Unlike so many of DC Comics' titles this month, "The Fury of Firestorm: the Nuclear Men" #12 ends on a note that seems well suited to the upcoming zero issue month. While "Firestorm" #0 is slated to reveal some of the past for the Nuclear Men, their present gets a tidy bow put on it as Jason Rusch and Ronnie Raymond manage to reconnect and stave off an attack from Pozhar.
Sure, some threads are left untucked and dangly, but from where else should continuity and character growth stem? Pozhar plays his hand, the international Firestorms get played and Ronnie and Jason let their bromance blossom. Around all of that, fight sequences pound in loud and spectacular, not giving the reader too much distraction beyond the nuclear powered slugfests that erupt across the pages, soaking up Hi-Fi's raucous coloring and offering readers plenty of opportunities to pick sides, cheer for characters and study all the different ways things could go wrong for someone bearing the Firestorm Protocols. This issue doesn't do much else to establish new storylines, choosing instead to focus on the characters, their struggles and the outcomes of those struggles.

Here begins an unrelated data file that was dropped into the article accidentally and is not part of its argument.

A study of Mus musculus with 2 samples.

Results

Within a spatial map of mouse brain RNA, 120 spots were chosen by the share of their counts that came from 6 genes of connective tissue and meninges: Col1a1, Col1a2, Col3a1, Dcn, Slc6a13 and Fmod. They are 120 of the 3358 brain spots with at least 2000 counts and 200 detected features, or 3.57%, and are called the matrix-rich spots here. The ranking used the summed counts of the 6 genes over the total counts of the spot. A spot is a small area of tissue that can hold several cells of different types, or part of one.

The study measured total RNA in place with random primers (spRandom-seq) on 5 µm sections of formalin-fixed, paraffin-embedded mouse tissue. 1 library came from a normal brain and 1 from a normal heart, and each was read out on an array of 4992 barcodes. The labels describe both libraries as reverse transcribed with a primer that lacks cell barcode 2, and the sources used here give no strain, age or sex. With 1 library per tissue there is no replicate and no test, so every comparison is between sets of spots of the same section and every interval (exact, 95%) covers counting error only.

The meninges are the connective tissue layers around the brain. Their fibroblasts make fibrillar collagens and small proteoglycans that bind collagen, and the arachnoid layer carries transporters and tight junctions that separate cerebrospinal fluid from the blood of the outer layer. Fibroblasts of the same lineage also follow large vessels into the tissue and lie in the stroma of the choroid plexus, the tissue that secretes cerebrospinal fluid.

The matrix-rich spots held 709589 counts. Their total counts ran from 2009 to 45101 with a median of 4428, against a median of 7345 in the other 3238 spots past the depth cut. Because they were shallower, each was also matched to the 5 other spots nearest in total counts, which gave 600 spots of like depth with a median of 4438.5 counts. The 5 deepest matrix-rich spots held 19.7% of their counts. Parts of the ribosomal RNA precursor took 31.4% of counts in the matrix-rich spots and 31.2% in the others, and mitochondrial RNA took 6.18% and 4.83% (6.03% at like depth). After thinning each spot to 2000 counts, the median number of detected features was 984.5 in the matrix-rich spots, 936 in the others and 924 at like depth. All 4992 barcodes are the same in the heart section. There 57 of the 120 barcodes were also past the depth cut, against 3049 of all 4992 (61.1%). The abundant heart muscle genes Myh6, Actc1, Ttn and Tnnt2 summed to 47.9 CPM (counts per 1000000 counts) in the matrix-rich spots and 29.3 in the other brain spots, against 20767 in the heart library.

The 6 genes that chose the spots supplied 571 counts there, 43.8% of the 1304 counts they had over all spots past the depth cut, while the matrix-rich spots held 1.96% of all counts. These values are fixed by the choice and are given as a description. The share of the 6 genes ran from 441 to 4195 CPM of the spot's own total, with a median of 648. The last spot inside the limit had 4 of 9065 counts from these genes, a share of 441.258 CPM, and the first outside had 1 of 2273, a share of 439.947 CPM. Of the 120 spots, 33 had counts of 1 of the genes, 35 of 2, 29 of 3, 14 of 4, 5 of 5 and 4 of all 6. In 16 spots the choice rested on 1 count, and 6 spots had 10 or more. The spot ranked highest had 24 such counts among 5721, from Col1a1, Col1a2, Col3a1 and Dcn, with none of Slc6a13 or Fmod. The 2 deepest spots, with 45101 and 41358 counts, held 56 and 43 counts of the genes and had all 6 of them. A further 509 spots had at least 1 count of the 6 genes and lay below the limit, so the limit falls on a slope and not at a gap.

Some of Joe Harris's dialog gets weird and overly flowery, such as "Pozhar's clinging to me like a dying star." I have no idea what that even means. It's pretty and poetic and fitting in a metaphoric way as Harris and Yildiray Cinar wind down their run, but how many readers can even imagine being clung to like a dying star, never mind the fact that this nugget is shared by Ronnie, the "big dumb jock" of this series.
With Yildiray Cinar receiving an assist from Daniel Hdr, the art is up and down, in and out and generally speaking, all over the place. "The Fury of Firestorm: the Nuclear Men" #12 opens with a flourish, but stumbles as it nears the conclusion, just like Candace Zither does in the waning pages of this chapter. The best art in the issue is appropriately placed at the grandest moments of the fights, celebrating the frightening absurdity of nuclear-powered beings being the life out of one another.
As issues of "The Fury of Firestorm: the Nuclear Men" go, this one is far from my favorite and far from the most memorable. It is, however, the one issue that does the most to advance the long-range story of Jason Rusch and Ronnie Raymond. With Harris and Cinar wrapping up their run, I find myself wondering where this series could have gone had they continued. In some ways, this feels like the end of the series, but knowing there is a zero issue coming up and Dan Jurgens comes on board a month after gives me hope there's still a lot of energy left in this nuclear solution.